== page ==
Cosmopolitan Magazine – Why I’m Never Turning Off My Email OOO

I spoke to Cosmopolitan Magazine about why putting an OOO on my email in 2020 was the best thing I’ve ever done, and why I’m never going to turn it off!

A huge advocate for an OOO-induced sense of relief is Sophie Williams, a speaker, author and an early adopter of the auto-response, who has sworn by the method for four years and counting.

Williams first added an auto-response to her personal email back in 2020 during the peak of the pandemic. At the time, she was self-employed and had two books published in the space of six months. Understandably, her inbox was hectic. But, she says, her auto-response gave her room to breathe – and it stuck.

Fast-forward to 2021, Williams started working in a leadership role at Netflix, where she also made waves after adding a footer to her email signature: My working day may not be your working day. Please do not feel obligated to reply to this email outside of your normal working hours.

“It caused a bit of a stir,” admits Williams (who has since spotted more people using similar disclaimers ). “But unless something [really] is an emergency, we don’t need to treat it as urgent.”

Has her auto-response ever irked anyone? “I’ve wondered if it’s annoying to people,” Williams says. “[But] it doesn’t send to the same person again if it’s sent to them recently, so I think that’s all good.”

She uses an OOO of sorts on WhatsApp, too. “My status there is also a message saying I’m not going to come back to you quickly, if at all, and I’d prefer you reached out on a different platform.”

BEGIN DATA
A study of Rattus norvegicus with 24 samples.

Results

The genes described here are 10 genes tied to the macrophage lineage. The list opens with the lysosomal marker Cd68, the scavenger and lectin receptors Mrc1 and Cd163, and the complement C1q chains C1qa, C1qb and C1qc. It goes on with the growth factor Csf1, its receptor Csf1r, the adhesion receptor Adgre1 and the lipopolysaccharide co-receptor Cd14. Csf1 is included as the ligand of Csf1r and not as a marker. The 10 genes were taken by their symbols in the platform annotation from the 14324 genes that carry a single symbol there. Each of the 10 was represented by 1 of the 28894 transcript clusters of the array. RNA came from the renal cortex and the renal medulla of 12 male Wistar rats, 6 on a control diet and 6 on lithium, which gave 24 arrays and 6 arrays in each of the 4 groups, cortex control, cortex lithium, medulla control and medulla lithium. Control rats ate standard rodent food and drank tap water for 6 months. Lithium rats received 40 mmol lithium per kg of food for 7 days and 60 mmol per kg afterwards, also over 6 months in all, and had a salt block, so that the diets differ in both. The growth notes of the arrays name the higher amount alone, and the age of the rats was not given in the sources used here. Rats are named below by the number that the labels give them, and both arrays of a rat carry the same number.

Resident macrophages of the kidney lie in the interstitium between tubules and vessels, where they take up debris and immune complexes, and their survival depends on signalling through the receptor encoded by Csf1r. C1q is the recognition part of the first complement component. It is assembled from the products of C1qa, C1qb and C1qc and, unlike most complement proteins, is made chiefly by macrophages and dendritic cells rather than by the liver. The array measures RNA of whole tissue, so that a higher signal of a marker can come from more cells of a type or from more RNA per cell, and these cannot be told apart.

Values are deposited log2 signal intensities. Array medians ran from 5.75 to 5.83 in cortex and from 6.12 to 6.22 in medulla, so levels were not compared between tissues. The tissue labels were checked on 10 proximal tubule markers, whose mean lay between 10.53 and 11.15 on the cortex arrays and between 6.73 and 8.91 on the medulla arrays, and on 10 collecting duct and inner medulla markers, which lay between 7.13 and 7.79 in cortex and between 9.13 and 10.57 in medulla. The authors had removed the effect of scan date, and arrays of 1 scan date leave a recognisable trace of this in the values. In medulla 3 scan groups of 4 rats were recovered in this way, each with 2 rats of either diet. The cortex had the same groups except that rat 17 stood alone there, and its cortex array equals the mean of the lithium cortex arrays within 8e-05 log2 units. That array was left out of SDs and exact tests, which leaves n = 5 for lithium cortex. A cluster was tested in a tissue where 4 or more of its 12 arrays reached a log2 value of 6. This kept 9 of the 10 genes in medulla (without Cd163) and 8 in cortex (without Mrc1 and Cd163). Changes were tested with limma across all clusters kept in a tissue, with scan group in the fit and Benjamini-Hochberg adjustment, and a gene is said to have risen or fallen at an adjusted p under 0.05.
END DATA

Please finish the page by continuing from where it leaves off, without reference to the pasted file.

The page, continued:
“As an autistic person, setting those boundaries about how I’m contacted, and what you should expect in response has been really helpful, and calming to me,” Williams concludes.

It might even buy you goodwill, as Williams has found.

In her experience, “It acts as a sort of confirmation of contact – people know I’ve received their mail, so they don’t need to worry about whether or not it’s gone to the right person, and it buys me a little time and context.

“To be honest, even when my emails are not flooded, I keep the auto-response in place because it buys me some positive sentiment. People have been warned that I might be slow to respond, so when I’m not, they’re really pleased.”

And, hey, a move towards more independence and flexibility in the workplace can only be a positive thing – in fact, it’s one of the key changes needed to help address the gender pay gap according to the Fawcett Society, who want to see “all jobs being advertised as flexible, unless there is a good reason not to do so.”

While researching her upcoming book, The Glass Cliff: How Women in Power are Undermined, and How to Fight Back, Williams observed how the “expectation of 24/7 availability isn’t working for many women anymore.”

“We want flexibility, we want control, we want to be trusted to do the work that needs to be done, but in the ways that work for us. Setting an automatic response might seem like a really small or trivial thing, but when I see it, I see a woman who has taken control of her own time. I absolutely love and respect that,” she explains.